WWII Photo of My Father

Old and worn American flag for Memorial Day or 4th of July
in memoriam: R.G.G., New York, PFC 8, Tank Destroyer, d. 1959

My father sent my mother a photograph from boot camp—
tucked in a corner of her mirror when she put on lipstick—
it was black-and-white; on the back of it, a blue time stamp.

My father got convulsive electroshock—¾ amp by amp—
after the war—and the violence—supposed to do the trick;
that wasn’t the man in my mother’s photo at boot camp.

I’d watch her wipe the bathroom mirror when it was damp
and check out her perfumes, deciding on which one to pick;
the black-and-white serrated edged photo had a time stamp.

After visitations, she’d stare out the window beside the lamp—
after home visits—and the cops—she’d explain he was sick:
it was the war—she’d show them the photo from boot camp.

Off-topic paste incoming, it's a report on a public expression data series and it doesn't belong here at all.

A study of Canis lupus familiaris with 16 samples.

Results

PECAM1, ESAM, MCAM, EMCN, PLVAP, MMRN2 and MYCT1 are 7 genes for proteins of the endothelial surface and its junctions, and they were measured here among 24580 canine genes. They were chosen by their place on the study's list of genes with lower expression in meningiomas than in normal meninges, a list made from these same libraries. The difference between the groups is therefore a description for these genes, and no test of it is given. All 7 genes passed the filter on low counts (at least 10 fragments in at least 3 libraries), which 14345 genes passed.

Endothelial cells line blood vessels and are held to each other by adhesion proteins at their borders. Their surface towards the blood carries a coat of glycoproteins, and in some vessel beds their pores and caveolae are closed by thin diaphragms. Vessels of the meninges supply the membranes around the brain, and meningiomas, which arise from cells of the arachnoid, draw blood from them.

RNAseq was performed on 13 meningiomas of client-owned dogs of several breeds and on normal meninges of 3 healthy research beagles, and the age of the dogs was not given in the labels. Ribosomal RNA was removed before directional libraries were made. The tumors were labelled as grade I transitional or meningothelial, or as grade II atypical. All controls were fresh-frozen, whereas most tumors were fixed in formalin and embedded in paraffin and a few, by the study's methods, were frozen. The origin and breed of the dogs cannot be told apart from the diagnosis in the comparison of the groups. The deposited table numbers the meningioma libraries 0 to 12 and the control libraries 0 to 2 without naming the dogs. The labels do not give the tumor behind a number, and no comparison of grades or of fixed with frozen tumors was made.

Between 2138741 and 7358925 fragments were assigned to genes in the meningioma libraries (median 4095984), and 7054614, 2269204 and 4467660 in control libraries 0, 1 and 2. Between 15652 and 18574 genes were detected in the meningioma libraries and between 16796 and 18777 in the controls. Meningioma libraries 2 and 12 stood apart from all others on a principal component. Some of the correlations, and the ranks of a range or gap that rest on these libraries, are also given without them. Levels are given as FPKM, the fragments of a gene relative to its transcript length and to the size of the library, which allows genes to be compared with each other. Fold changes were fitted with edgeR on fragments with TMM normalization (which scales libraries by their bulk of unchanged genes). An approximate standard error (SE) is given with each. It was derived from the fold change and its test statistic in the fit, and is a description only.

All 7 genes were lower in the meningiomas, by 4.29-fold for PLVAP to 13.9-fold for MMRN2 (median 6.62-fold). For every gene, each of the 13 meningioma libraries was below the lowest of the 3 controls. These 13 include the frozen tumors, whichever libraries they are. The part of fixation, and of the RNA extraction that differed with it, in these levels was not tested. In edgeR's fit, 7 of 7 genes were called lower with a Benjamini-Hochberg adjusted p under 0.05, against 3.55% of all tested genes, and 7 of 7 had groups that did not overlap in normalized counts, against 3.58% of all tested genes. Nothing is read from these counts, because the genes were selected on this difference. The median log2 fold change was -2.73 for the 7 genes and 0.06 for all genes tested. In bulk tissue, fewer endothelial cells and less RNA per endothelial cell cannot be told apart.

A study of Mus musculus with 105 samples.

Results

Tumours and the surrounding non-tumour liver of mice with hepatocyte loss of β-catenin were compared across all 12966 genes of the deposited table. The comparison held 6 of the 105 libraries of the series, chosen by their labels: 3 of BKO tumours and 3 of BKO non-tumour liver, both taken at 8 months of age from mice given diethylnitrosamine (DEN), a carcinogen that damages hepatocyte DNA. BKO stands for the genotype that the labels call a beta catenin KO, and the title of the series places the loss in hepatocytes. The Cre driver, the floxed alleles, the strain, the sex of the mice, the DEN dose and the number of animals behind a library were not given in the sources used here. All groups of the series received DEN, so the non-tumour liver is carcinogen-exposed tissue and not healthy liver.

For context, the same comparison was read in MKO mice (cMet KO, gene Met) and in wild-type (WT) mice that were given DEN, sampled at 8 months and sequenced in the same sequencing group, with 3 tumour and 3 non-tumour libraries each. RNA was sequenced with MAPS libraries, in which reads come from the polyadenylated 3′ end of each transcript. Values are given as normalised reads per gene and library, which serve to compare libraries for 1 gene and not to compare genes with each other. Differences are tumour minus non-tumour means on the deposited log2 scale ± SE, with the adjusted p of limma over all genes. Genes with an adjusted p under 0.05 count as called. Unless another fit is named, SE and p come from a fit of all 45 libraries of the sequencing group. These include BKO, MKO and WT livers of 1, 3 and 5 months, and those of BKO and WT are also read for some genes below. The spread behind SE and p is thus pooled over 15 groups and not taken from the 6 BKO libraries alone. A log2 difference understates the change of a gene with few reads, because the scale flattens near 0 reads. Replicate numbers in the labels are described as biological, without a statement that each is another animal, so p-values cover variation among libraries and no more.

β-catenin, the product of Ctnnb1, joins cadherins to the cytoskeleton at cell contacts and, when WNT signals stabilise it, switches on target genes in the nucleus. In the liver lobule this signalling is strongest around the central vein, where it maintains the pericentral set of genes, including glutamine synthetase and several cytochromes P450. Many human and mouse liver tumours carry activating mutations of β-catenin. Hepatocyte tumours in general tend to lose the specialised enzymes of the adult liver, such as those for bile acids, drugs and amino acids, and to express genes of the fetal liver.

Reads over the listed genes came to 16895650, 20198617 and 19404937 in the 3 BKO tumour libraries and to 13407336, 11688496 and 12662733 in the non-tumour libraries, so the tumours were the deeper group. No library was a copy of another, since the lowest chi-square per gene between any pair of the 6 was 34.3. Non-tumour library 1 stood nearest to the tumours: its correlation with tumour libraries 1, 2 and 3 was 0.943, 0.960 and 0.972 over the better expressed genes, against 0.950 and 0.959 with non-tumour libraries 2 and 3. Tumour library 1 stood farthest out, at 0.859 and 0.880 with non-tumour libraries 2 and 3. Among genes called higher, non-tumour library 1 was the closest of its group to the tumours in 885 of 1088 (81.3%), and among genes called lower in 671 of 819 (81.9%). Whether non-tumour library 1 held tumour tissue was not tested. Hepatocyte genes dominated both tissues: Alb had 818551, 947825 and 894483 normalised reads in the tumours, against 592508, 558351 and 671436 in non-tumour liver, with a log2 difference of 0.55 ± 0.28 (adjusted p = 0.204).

I remember one time the cops helping him on with his pants—
on the bed, war souvenirs (German helmet, flag with swastika)—
and in the corner of her mirror, the young recruit at boot camp.

An adult, I find it hard to believe in anything—except chance.
When I write about the both of them, I feel my throat get thick.
My father once sent my mother a photograph from boot camp.
It was black-and-white, and on the back was a blue time stamp.


Stephen Gibson’s collections include Frida Kahlo in Fort Lauderdale ( Able Muse book finalist, forthcoming), Self-Portrait in a Door-Length Mirror (2017 Miller Williams Prize winner, University of Arkansas), The Garden of Earthly Delights Book of Ghazals (Texas Review Press),and Rorschach Art Too (2014 Donald Justice Prize, Story Line Press).